84 percent of Arab youth very proud of their identity- Survey

Young people Egypt - source World bank

photo: World Bank


A ground-breaking initiative of ASDA’A Burson-Marsteller, the leading public relations consultancy in MENA, the Arab Youth Survey is aimed at providing reliable data and insights into the attitudes and aspirations of the region’s 200 million-strong youth population, informing policy- and decision-making of both government and the private sector.

ASDA’A Burson-Marsteller selected international polling firm Penn Schoen Berland (PSB) to complete 3,000 face-to-face interviews with exclusively Arab national men and women aged 18-24 in the six Gulf Cooperation Council countries (UAE, Saudi Arabia, Qatar, Kuwait, Oman and Bahrain), Iraq, Egypt, Jordan, Lebanon, Libya, Tunisia, and in three new countries added this year: Morocco, Algeria and Yemen. The survey was conducted between December 2012 and January 2013.

The survey finds that in the wake of the Arab Spring, regional youth are prouder than ever of their national identity – and they increasingly embrace modern values and beliefs. Nearly nine out of 10 young Arabs (87%) feel “more proud to be an Arab” following the uprisings, and 59% believe recent changes in their country will have a positive impact on them and their family. Two-thirds (67%) feel “better off” following the events of the Arab Spring and 45% believe their national government has become more transparent.

Also, in each of the 15 countries surveyed, a clear majority are optimistic about the future, with a nearly equal percentage of youth in the Gulf and non-Gulf states (76% and 72%, respectively) saying “our best days are ahead of us”. Likewise, more than half (58%) believe their country is “heading in the right direction” considering the last 12 months, while 55% say their national economy is also heading in the right direction.

For the second consecutive year, “being paid a fair wage” is the highest priority of Middle East youth, cited by 82% of all those surveyed. The importance of fair pay is followed by home ownership, with 66% of Arab youth describing “owning their own home” as “very important”. Tellingly, nearly a fifth (15%) of young Arabs believe they will never be able to afford their own home.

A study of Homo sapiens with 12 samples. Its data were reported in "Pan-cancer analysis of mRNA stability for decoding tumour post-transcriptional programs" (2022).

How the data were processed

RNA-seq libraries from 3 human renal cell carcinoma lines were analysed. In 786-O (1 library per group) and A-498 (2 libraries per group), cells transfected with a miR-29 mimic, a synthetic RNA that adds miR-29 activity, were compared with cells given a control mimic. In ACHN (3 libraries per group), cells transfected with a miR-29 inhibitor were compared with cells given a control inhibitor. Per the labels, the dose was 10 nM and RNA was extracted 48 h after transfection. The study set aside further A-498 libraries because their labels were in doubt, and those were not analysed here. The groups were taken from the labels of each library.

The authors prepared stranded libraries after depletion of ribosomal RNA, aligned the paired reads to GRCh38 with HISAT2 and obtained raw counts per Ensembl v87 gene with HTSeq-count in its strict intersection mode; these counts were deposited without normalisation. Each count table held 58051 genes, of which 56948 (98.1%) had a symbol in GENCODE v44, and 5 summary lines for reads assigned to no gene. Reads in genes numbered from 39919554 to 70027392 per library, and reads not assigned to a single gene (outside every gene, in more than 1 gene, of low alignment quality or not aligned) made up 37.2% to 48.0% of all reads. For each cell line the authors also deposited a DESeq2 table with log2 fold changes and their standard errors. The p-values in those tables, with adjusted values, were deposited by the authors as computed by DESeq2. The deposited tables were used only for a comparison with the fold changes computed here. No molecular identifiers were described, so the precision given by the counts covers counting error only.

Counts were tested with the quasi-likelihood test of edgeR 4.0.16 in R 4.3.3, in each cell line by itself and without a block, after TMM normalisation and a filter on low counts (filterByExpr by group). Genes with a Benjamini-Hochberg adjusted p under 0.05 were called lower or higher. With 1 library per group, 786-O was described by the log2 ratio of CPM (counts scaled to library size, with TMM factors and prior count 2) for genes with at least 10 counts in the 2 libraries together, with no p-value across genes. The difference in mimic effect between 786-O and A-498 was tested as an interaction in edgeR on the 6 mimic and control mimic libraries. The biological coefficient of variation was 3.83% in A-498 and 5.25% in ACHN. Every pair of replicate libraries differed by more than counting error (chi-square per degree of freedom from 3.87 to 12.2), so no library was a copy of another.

Rising living costs remain the number one concern of Arab youth, also for the second straight year in the annual study, with 62% saying they are “very concerned” about the issue. According to the latest findings, the rising cost of living is a bigger worry than “the economy”, “the threat of terrorism”, “events of the Arab Spring” and “unemployment”.

“Civil unrest” and “lack of democracy” are identified as the main obstacles in the way of the MENA region’s development, while “lack of Arab unity”, the “Palestinian-Israeli conflict” and “lack of political direction” are other barriers. GCC and non-GCC youth are equally concerned about civil unrest, with 44% in both sets of countries highlighting the issue as the Arab World’s biggest obstacle.

Meanwhile, the UAE continues to be regarded as a model nation. Asked to name the country, anywhere in the world, where they would most like to live, Arab youth, as they did in 2012, cite the UAE as their preference. The UAE is the top choice of 31% of Arab youth across the 15 countries surveyed, followed by France (18%), the United States and Turkey (16%).

Sunil John, Chief Executive Officer of ASDA’A Burson-Marsteller, said: “Every year ASDA’A Burson-Marsteller conducts the Arab Youth Survey because we understand the importance of providing reliable data here in the Middle East, where research into public opinion is often limited. This substantial investment in thought leadership demonstrates our firm belief in the principle of evidence-based communications.